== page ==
This week in American military history:
Apr. 6, 1862: Confederate Army forces under the command of Gen. Albert Sidney Johnston attack Union Army forces under the command of Maj. Gen. Ulysses S. Grant at Shiloh (Shiloh Church), Tennessee.
The fighting is desperate on both sides — described as “a murderous fistfight” — and the bloodiest battle to date in American military history. Confederate and Union casualties combined will exceed well over 23,000 in two days. The Confederates carry the first day, but Johnston is killed. In the end, Grant wins the Battle of Shiloh (also known as the the Battle of Pittsburg Landing), stiff Union resolve and reinforcements determining the outcome.
Apr. 6, 1917: Pres. Woodrow Wilson signs a joint resolution of Congress declaring war on Germany.
Wilson had appealed to Congress for a war declaration on Apr. 2: The appeal stemming from Germany’s renewal of its policy of unrestricted submarine warfare as well as the British-intercepted Zimmermann telegram revealing Germany’s promise to Mexico of a huge chunk of U.S. territory (predicated, of course, on a German victory) if Mexico would ally itself with Germany.
Wilson dreads entering the war, but as he says, “Right is more precious than peace, and we shall fight for the things which we have always carried nearest our hearts — for democracy, for the right of those who submit to authority to have a voice in their own governments, for the rights and liberties of small nations, for a universal dominion of right by such a concert of free peoples as shall bring peace and safety to all nations and make the world itself at last free.”
Apr. 8, 1956: In what will become known as the “Ribbon Creek Massacre,” six Marine recruits drown during a night-march through a rain-swollen tidal estuary at the U.S. Marine Corps Recruit Depot, Parris Island, S.C.
The deaths — which will result in the trial and conviction of the drill instructor responsible — spawn widespread public condemnation of the Marines’ so-called “ruthless” training methods. The incident will add to the mystique of geographically isolated Parris Island (near Beaufort). And it will fuel the already-held reputation of Marines as being some of the world’s “toughest” fighting men for simply having survived the Corps’ notorious boot camp. It is a reputation that continues today.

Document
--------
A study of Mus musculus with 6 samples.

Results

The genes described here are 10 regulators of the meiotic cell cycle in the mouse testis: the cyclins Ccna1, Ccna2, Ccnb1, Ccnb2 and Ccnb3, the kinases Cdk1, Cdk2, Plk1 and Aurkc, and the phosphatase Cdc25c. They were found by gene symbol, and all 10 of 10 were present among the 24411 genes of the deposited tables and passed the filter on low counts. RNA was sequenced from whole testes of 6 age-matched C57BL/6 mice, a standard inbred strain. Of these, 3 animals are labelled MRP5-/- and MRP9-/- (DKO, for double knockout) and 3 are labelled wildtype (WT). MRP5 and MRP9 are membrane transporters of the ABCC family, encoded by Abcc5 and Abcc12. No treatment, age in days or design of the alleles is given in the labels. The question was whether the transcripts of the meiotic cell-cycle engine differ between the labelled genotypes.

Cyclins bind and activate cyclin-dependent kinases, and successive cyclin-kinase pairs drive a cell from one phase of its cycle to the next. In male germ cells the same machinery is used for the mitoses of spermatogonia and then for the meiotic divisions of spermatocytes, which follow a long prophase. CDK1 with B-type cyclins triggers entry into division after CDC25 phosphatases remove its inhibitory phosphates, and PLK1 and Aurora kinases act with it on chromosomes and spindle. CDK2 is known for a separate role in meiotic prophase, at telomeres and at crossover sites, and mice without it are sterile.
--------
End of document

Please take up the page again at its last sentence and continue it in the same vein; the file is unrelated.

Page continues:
Apr. 9, 1865: The war lost, Confederate Gen. Robert E. Lee concludes, “There is nothing left for me to do, but to go and see Gen. [Ulysses S.] Grant, and I would rather die a thousand deaths.”
Lee formally surrenders the Army of Northern Virginia to Grant at the home of Wilmer McLean in the village of Appomattox Court House, Virginia.
Still-operating Confederate forces will surrender within months.
Apr. 10, 1942: The infamous Bataan Death March begins.
Following the fall of the Bataan peninsula to Japanese forces, some 78,000 Americans and Filipinos — huge numbers of them sick, starving, and wounded (those who are not, soon will be) — are force-marched in extreme heat and humidity some 80-90 miles to a Japanese prison camp in the backcountry of Luzon.
Along the way, thousands of captives are beaten, raped, bayoneted, disemboweled, beheaded, or shot. Those too weak to keep up with the march — or who stop to relieve themselves — are summarily executed. All are deprived of food and water. Fewer than 55,000 survive. Fewer still will survive the prison camps or the so-called “hell ships” delivering them to labor facilities in Japan.
Apr. 11, 1783: British forces having been defeated in the former colonies, the Congress of the Confederation (the post-Continental Congress precursor to the U.S. Congress) declares a “cessation of arms” between the U.S. and Great Britain.
A portion of the declaration reads: “… we hereby strictly Charge and Command all our Officers, both by Sea and Land, and others, Subjects of these United States, to Forbear all Acts of Hostility, either by Sea or by Land, against His Britannic Majesty or his Subjects, from and after the respective Times agreed upon between their Most Christian and Britannic Majesties as aforesaid.”
Apr. 11, 1951: Pres. Harry S. Truman relieves Gen. Douglas MacArthur of command of U.S. and United Nations forces in Korea, replacing MacArthur with Gen. Matthew Ridgway.
Truman fires MacArthur for reasons centered around the president’s desire for a limited war in Korea; MacArthur’s insistent, outspoken desire to expand the war (which Truman feared would lead to a third world war), and a personality clash between the two men making it difficult for the president to control his subordinate general.
In eight days, MacArthur — a Medal of Honor recipient and one of America’s greatest generals — will address a joint session of Congress and utter the now-famous line, “old soldiers never die; they just fade away.”
AUTHOR’S NOTE: “This Week in American Military History,” appears every week as a feature of HUMAN EVENTS.
Let’s increase awareness of American military tradition and honor America’s greatest heroes by supporting the Medal of Honor Society’s 2010 Convention to be held in Charleston, S.C., Sept. 29 – Oct. 3, 2010 (for more information, click here).